34 Union Street - a really nice place to call home, close to everything, even the airport, but it could be a lot better


Understanding our financial reports – AHB September 2020

I have occupied an apartment in our building at 34 Union St since February 2011. Like every owner, we settled down to a pleasant life at 34 Union Street.

In a remarkably short time problems arose, and with more investigation came more unpleasant findings. Many of the faults would have happened unnoticed particularly to non-resident owners. A fairly dramatic escalation came when the building was found in breach of fire regulations and the expensive installation of a sprinkler system was required.

The increase of problems, how they were to be fixed and the limited opportunity for legal action required unusual effort by your manager and committee. (Both the developer and the builder had "folded their tents" and legally no longer existed.) Eventually with good legal support we had success at VCAT.

We are now in 2021 and it would be quite reasonable for an owner to reflect on how we are positioned financially. We had an Admin levy to cover management and all routine maintenance, a Maintenance levy, special levies including $1.232 million from the sprinkler levy to fix that specific problem and $2.45 million from VCAT, totalling $3.682 million.

The annual financial statements presented to us each year fail to meet the requirement that they be understood by the target audience, the owners of the 56 properties that constitute our Owners Corporation. An assumption should be made that they have no particular skill in comprehending financial statements.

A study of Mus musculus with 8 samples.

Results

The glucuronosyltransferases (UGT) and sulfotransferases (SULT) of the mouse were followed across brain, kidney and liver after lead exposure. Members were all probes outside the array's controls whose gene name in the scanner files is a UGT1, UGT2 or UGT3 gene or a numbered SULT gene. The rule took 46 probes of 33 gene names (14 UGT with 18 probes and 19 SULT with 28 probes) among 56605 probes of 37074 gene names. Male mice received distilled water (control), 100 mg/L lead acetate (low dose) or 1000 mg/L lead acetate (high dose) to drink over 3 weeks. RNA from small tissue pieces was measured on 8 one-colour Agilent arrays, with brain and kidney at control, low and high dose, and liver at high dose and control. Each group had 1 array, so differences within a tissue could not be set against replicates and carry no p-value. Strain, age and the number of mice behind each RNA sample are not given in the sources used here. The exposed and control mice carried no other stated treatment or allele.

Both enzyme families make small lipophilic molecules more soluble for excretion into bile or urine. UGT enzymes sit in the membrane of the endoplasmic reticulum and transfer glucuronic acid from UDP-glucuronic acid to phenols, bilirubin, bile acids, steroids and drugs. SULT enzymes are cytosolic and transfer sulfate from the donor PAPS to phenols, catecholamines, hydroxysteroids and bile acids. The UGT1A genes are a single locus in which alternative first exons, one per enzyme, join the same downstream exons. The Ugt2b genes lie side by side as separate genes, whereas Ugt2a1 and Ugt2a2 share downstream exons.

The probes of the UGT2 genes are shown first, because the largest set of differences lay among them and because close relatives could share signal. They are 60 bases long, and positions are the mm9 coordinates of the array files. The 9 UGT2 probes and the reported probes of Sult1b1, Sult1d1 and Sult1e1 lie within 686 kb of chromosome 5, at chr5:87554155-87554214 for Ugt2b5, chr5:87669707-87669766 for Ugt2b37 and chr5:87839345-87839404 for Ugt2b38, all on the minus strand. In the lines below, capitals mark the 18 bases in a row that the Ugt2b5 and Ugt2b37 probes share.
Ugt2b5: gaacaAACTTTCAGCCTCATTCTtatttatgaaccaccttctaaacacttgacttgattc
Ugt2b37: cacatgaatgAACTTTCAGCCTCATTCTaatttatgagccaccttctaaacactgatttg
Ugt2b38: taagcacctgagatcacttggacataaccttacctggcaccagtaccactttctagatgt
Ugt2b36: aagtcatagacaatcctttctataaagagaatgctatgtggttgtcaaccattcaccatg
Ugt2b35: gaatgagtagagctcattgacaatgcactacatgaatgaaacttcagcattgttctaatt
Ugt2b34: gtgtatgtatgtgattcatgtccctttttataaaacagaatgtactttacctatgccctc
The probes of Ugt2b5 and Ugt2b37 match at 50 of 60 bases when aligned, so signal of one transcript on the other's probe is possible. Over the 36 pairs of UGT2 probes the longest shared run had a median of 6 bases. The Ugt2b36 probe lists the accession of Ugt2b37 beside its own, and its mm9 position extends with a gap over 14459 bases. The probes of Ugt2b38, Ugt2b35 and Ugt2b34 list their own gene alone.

If we look at the financial statements presented to the 2021 AGM we find our net assets are about $33,998 – sounds like there’s not much left of the $3.68 million – but look closer. There’s one line that says “Total Assets $903,204” and that sounds encouraging, but just below it has “Total Liabilities $869,206”.

When we look closer we find among our "Assets" an investment of $878,177 and in our "Liabilities" $832,625 described as "Legal proceeds in advance". How can that be a liability? Surely the liability is better described as "Committed restoration works"?

If we pursue our look at the “Financial reports” there are more puzzles. The planned expenditure budgeted in 2021 for the items labeled “Maintenance & Repairs” and “Essential Services & Maintenance Agreements” total $61,130. We have to assume that the “Maintenance Levy” that totals a little less than $20,000 annually is purely a supplement to cover the combination of “normal” maintenance and the unexpected.

That's the puzzle presented by the annual financial statements. Where is the indicator of our present position, something that says we are managing our legacy issues with the funds awarded by VCAT and our Special Levies?

A financial trouble shooter who examined our annual financial statements at my request made the comment that they certainly needed a lot of explanation to work out what they were about. When I explained that we had an expensive start involving unexpected levies, legal fees and an eventual win, his response was that we should not have tried to fit everything into Administrative and Maintenance categories, but should have had a new "Recovery" category.

Whatever the name, if we recorded every item related to our unexpected activity in that box we would know exactly how we stood in terms of liability for the yet to be replaced Timber Cladding and the new Maintenance Plan.